In 1948, Fay Myers, a long-time motorcycle enthusiast, traded a 1912 Harley for a “Motorcycles For Sale” sign and started selling Triumphs in the Denver area. He added other English motorcycle lines, and in 1953 founded the Tea Drinkers English Motorcycle Club. In 1960, shortly after Hondas became available in the United States, Fay became the 99th U.S. Honda dealer.
In 1975, Gary Myers took over from his father and further expanded the business, adding over time personal watercraft, Suzuki, Kawasaki, Ducati, KTM, Aprilia and MV Agusta motorcycles, gas engines, generators, lawn mowers and snow removal equipment, all of which continue to be sold at the dealership. In 1996, Gary had the idea of adding a clubhouse where local motorcycle organizations could meet for free.
In 2002, the dealership burned, almost to the ground. Fay Myers regrouped and moved to its present location on East Araphoe Road. Only a year later, the roof over the showroom collapsed, causing more devastation. The company rebuilt again.
The present owners, Schomp Auto Group, a family organization, bought the dealership in 2004. Many of the employees stayed on, providing continuity to the “feel” of the Fay Myers company. The longevity champ is Barry Hall in parts, who has been manning his counter for more than 23 years, and there are other employees who have been there 10 years and more.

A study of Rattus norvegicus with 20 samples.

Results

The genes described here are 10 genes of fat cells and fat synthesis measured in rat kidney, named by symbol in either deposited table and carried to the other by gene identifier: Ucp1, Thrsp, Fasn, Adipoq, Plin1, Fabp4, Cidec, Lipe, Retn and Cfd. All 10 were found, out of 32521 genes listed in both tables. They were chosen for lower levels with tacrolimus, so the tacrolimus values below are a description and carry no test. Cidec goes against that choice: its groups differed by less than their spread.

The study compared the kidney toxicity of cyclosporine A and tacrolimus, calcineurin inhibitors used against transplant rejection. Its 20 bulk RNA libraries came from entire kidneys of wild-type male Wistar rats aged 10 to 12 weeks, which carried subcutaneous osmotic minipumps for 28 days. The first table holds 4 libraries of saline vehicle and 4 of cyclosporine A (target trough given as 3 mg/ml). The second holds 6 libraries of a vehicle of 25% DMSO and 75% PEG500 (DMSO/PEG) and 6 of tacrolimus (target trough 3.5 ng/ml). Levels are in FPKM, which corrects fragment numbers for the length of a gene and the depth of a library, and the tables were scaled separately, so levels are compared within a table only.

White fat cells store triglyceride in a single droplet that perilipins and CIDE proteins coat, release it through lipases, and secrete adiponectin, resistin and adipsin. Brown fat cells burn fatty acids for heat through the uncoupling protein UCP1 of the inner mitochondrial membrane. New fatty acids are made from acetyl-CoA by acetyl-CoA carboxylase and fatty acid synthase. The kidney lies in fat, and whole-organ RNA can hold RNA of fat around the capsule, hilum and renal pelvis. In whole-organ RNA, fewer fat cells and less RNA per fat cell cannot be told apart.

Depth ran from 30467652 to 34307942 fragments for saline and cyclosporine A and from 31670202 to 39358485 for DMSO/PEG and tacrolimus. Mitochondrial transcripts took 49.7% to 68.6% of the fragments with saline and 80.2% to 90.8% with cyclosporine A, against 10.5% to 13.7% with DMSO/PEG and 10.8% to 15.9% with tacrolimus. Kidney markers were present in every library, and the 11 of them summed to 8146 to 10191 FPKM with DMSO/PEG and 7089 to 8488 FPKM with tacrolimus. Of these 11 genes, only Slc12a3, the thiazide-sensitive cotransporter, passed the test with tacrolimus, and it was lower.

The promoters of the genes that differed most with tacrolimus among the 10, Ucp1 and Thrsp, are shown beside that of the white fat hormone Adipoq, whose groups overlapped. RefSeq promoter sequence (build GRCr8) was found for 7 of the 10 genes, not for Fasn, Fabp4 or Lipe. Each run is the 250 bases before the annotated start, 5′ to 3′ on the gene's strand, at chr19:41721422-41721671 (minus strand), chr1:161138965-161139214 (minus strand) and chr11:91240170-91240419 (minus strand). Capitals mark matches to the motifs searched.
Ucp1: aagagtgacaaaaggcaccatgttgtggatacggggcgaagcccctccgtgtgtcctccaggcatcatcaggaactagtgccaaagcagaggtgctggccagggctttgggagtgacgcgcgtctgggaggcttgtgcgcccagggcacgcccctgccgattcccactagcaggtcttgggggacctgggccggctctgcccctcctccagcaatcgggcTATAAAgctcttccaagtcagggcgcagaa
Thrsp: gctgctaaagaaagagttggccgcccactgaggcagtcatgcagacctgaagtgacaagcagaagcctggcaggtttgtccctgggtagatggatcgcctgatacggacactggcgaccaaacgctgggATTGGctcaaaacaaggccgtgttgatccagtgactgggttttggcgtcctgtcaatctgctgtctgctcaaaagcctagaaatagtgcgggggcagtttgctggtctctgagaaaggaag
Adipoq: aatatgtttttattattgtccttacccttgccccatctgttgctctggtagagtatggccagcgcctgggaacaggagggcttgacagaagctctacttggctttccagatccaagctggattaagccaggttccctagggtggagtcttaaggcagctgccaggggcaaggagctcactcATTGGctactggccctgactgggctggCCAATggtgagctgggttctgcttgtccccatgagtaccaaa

Interaction with the motorcycling community continues to be important to the Fay Myers organization. The clubroom at the East Araphoe Road facility can seat 65 people. In addition to making the clubroom available to local motorcycling groups, Fay Myers hosts a Bike Night at the nearby Tavern Center restaurant six to eight times every summer, drawing riders with a promise of “food, fun and prizes.”
The size of this multi-line dealership would be intimidating, but it is brought down to a human scale by the emphasis on excellent customer service. The Fay Myers staff are proud of the level of customer service the dealership is able to provide each customer. “Customer service is the most important form of advertising,” says general manager Jason White. “We try to do it right the first time, and if we don’t, we make it right.”
The broad range of motorcycles and other products for sale entices a broad customer base. “We don’t have an average customer,” explains White. “Our average customer is all over the board. We have the motocross people, the dirt bike people, the cruisers, the tourers. Right now, 15 percent of our customers are women — almost all street riders — and the number is growing exponentially.”
White sees opportunity in the current economic doldrums. “Although times are tough, we work every day to provide exceptional customer service. We increase our customer base by providing the service that other dealers can’t or won’t.”